I know you think I have been hitting this Obama-as-Elitist thing too hard, but here's the lead paragraph from Reuters' Caren Bohan writing from Fort Wayne, Indiana:
"Democratic presidential candidate Barack Obama sought to convince Americans he is not elitist on Thursday as new polls showed his aura of inevitability has declined after weeks of negative headlines."
Hillary Clinton, sensing the vulnerability, jumped on Obama's opposition to a Gas Tax Holiday (which both she and John McCain favor) in Brownsburg, Indiana saying:
"I find it frankly a little offensive that people who don't have to worry about filling up their gas tank … think that it's somehow illegitimate to provide relief for the millions and millions of Americans who are … unable to keep up with their daily expenses."
I love that "frankly" thing. Does that mean the rest of the time she opens her mouth she is Shirley not being Frank?
Back to the next round of primaries. North Carolina and Indiana are on Tuesday. As recently as Monday of this week Obama had a lead of 15 percentage points over Clinton in North Carolina: 51-36. As of last night the RealClearPolitics average had Obama's lead down to about seven points: 49-42.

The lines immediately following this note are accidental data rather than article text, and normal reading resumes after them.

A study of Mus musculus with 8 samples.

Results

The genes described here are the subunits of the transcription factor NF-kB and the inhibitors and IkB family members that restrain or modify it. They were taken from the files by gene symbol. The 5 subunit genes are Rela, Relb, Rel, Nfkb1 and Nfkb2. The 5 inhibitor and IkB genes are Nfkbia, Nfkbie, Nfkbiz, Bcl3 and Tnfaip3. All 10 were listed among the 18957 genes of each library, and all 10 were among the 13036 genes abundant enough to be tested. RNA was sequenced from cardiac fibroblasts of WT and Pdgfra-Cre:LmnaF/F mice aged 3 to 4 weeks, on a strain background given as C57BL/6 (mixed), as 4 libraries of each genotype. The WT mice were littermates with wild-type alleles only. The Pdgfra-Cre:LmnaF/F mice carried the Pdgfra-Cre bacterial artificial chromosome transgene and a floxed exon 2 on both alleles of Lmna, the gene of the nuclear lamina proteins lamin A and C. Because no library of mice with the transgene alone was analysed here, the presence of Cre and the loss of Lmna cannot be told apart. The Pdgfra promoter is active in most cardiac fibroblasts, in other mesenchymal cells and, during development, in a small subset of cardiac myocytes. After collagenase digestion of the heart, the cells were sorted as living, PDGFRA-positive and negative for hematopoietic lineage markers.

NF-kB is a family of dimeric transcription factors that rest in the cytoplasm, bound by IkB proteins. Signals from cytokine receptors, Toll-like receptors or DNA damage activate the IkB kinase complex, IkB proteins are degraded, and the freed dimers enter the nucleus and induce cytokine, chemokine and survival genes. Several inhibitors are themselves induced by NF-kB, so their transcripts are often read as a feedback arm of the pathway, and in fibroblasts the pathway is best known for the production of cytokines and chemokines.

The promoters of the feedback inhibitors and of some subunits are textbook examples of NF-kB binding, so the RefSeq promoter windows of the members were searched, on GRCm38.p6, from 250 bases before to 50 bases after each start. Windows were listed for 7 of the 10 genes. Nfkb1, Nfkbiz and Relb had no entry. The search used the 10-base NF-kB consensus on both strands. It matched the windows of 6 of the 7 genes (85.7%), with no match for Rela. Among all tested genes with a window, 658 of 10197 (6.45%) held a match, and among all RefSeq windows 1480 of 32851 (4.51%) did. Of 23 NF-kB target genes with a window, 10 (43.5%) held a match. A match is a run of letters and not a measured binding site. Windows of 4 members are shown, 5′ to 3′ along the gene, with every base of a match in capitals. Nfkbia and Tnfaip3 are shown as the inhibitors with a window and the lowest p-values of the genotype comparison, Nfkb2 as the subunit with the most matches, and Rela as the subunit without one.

Monday. Tuesday. Wednesday. Thursday.
Obama's lead in North Carolina has been sliced in half in just four days.
In Indiana, over that same period, Obama has gone from being ahead of Clinton by three points - 46-43 to down five 43-48; a switch of eight points in five days.
When you read in the Popular Press that Obama has put the Jeremiah Wright business behind him? Look at those numbers.
I said on CNN's Situation Room with Wolf Blitzer Tuesday that Barack was going to find himself in the same position in North Carolina as Hillary had been in Pennsylvania: A win was not going to be enough. It had to be a BIG win.
More: According to the CBS.com website, a New York Times/CBS poll shows that 51% [of Democratic voters] now say they expect Obama to win the nomination, down from 69 percent on April 3rd, while 34% now expect Clinton to be the nominee, up from 21% a month ago.
Not only that - but helping make Hillary Clinton's case to the Super Delegates - the poll said 48% of Democrats now say he is the candidate with the best chance of defeating John McCain, down from 56% in early April. Minus 12.
Keep in mind, as we tick toward the Democratic National Convention in Denver in late August, that the Democrats still haven't dealt with that pesky problem of what to do about delegates - or lack of delegates - from Michigan and Florida.
What does all this mean? It means that unless something extraordinary happens, the Democratic National Convention is going to be Must See TV.